UK consumer watchdog the National Consumer Council (NCC) is accusing Apple, Microsoft and 15 other major software companies of misleading and unfair practices related to end-user license agreements (EULAs), and has asked for an investigation by the UK's Office of Fair Trading (OFT).
"New NCC research reveals that software rights-holders are shifting the legal burden onto consumers who buy computer programs, leaving them with less protection than when they buy a cheap biro," the National Consumer Council said in a statement Tuesday.
The NCC said it has asked the OFT to investigate "the potentially unfair contract terms" of the following 17 companies: Microsoft, Adobe, Apple, Chief Architect, Symantec, Magix, Nero, Corel, Sega, Nova Development, Britannica, Sonic Solutions, Twelve Tone Systems, THQ, GSP, McAfee and Kaspersky.
The group studied 25 software products, including Office 2007, Corel WordPerfect Office X3 and Adobe Photoshop CS 2, for its report, "Whose Licence Is It Anyway?"
Fourteen of the 25 products the group studied did not mention on the packaging that users must accept a license agreement when installing the software, according to NCC. Of those that did, only four provided a URL to a copy of the agreement, NCC's report said.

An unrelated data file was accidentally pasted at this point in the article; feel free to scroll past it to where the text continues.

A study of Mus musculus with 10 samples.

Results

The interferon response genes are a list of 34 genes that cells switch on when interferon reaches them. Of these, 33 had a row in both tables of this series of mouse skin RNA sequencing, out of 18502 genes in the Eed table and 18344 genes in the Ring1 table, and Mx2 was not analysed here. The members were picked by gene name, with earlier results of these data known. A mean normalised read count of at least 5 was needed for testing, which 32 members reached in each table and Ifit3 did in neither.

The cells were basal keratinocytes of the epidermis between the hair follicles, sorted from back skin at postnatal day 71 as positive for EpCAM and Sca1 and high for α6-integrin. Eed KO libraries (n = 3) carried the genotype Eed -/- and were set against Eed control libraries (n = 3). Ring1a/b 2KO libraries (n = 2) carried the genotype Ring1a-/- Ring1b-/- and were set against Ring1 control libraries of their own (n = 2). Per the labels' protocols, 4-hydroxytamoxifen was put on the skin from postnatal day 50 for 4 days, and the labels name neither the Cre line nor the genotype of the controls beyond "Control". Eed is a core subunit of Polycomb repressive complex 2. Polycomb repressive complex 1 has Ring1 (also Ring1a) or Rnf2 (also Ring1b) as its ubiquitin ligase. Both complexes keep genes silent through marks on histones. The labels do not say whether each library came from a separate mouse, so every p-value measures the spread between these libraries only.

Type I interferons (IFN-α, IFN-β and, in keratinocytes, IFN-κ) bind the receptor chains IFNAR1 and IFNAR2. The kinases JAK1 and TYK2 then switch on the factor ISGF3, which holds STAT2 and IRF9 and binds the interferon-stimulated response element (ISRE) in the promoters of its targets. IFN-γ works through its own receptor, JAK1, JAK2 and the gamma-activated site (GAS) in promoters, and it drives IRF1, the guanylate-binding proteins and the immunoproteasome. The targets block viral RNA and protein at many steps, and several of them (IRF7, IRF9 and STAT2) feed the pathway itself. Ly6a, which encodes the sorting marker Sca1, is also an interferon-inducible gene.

Furthermore, the agreements are often delivered in hard-to-read, jargon-ridden formats that make it difficult for consumers to fully grasp their rights and responsibilities, the group said.
The NCC wants vendors to provide information about the license and the terms of the agreement "at a stage before a decision to purchase has been made," and in plain English. It is also asking the European Commission to include digital contracts and license agreements under the Consumer Sales and Sales Guarantees directives.
One analyst based in the UK predicted the NCC's demands will prompt some type of response. "The NCC has had some notable successes lately, particularly in the area of digital rights management and how it hurts consumers," James Governor of Redmonk said via email Tuesday. "There is no reason it should not be successful in calling for an investigation. It's a credible organisation, with a growing reputation for campaigning in the digital arena."
Companies flagged by NCC, including Microsoft and Adobe, could not immediately be reached for comment Tuesday.